In the golden cornfields of Iowa, the cherished Americana portrait of grain farming is changing under the domination of corporate agribusiness. Henry Whipple (Dennis Quaid), a fake-folksy farmer who sells GMO seeds to pay for his modern machinery, is feeling the pressure on all sides: from a rival salesman (Clancy Brown) who is gaining on his territory; from his hard-driving father (Red West) who wants the farm passed down to the next generation as it was to him; and from his own big-business model of success; “Expand or die,” he explains to his younger son, Dean (Zac Efron), after making a sleazy, insensitive land purchase at a funeral.
Despite his aw-shucks avowals of old-fashioned virtues, Henry is cheating on his devoted wife (Kim Dickens) with his office assistant (Heather Graham). No wonder his sons want to escape from his hypocritical smothering. The older son Henry prefers is mountain climbing in Argentina, and Dean, a talented stock-car driver, has dreams of NASCAR. It’s as a present-day Midwest portrait, complete with Dean’s flaxen-haired girlfriend, Cadence (Maika Monroe), an appealing, abandoned girl who wants to be part of his family, which the script comes on strong. A more realistic and rounded view of the heartland than the recent Promised Land (Matt Damon’s more entertaining but less substantial portrayal of a farmland sell-out), At Any Price is also a conscientious portrait of fathers and sons: Dean responds to his father’s unctuous attention by accelerating his natural daredevilry.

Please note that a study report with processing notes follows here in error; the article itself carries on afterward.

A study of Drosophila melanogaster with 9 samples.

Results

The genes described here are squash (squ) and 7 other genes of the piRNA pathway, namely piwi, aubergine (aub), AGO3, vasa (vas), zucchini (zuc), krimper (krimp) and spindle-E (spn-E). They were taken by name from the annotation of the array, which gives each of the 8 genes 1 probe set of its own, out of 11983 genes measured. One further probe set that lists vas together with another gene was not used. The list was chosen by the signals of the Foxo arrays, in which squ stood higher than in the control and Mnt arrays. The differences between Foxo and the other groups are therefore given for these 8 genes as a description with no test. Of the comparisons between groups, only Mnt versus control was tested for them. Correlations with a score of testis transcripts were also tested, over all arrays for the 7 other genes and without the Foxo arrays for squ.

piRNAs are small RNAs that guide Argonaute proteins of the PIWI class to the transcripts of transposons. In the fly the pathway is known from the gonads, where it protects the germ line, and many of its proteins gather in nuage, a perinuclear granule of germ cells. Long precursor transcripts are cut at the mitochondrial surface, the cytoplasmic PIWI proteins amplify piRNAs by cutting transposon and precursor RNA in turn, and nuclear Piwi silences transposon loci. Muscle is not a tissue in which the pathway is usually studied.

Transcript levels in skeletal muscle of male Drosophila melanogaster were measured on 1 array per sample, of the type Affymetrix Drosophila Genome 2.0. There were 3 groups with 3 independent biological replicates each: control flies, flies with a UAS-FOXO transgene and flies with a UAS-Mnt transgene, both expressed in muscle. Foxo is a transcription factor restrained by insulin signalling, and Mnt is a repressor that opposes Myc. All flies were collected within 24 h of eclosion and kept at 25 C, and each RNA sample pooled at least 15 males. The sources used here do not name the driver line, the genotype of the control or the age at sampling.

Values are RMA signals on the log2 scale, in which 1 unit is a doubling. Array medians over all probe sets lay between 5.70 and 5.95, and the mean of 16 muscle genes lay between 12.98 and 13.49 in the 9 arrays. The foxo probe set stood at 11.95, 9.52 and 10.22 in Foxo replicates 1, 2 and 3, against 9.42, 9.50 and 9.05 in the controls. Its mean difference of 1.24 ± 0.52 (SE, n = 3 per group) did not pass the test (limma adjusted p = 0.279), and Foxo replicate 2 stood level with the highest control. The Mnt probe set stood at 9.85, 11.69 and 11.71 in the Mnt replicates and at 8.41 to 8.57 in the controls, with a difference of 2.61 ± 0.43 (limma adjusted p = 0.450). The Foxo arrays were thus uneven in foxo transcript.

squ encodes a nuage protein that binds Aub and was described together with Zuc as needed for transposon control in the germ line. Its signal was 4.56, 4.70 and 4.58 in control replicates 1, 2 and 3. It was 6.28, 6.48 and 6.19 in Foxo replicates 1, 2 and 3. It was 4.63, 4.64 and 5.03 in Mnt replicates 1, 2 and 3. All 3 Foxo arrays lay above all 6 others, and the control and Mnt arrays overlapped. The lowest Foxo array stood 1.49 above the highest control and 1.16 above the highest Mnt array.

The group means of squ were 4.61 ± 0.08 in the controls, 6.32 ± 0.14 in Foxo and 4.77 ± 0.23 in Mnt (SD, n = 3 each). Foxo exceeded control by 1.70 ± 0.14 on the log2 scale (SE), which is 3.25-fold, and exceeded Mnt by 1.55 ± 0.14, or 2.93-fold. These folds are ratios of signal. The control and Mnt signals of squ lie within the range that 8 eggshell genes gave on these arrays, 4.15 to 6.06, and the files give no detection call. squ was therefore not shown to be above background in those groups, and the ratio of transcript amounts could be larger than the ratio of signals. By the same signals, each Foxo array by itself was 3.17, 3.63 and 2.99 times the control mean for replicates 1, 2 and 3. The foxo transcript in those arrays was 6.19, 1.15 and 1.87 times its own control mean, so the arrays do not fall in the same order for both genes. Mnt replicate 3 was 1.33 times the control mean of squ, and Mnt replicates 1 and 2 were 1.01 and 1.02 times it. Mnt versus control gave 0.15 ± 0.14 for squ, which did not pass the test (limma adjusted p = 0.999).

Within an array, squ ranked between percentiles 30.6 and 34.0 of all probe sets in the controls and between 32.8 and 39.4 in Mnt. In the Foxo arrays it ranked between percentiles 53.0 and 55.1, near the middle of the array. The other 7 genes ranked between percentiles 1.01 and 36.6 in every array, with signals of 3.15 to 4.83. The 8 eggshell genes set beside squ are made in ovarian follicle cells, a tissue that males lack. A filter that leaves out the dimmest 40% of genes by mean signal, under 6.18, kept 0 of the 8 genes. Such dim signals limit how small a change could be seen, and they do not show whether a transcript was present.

As this familial pressure-cooker simmers, Henry’s empire building is put at risk by corporate investigators who have been tipped off that he is replanting his seeds, a criminal action (any resemblance to Monsanto is entirely intentional). “They’ve copyrighted life,” an exasperated Henry explains to Cadence, his sales trainee. The easy rapport—and the texture it adds—between Henry and his son’s girlfriend can be credited to the actors, while West is to be commended for his brief but incisive contribution as Henry’s implacable father.
And then, just as the gorgeous photography of amber waves of grain becomes suspiciously intrusive, a crisis occurs that throws the film completely off track. This gratuitous eruption of violence and melodrama was meant perhaps to jack up the story’s action, yet it has the opposite effect, extinguishing its mood of contemplative menace (as well as reminding some audiences of the vastly superior heartland thriller, Flesh and Bone, still one of Quaid’s best performances). Despite a bravely downbeat ending, At Any Price is as distastefully mutated as the biotech crops rippling so picturesquely on the horizon.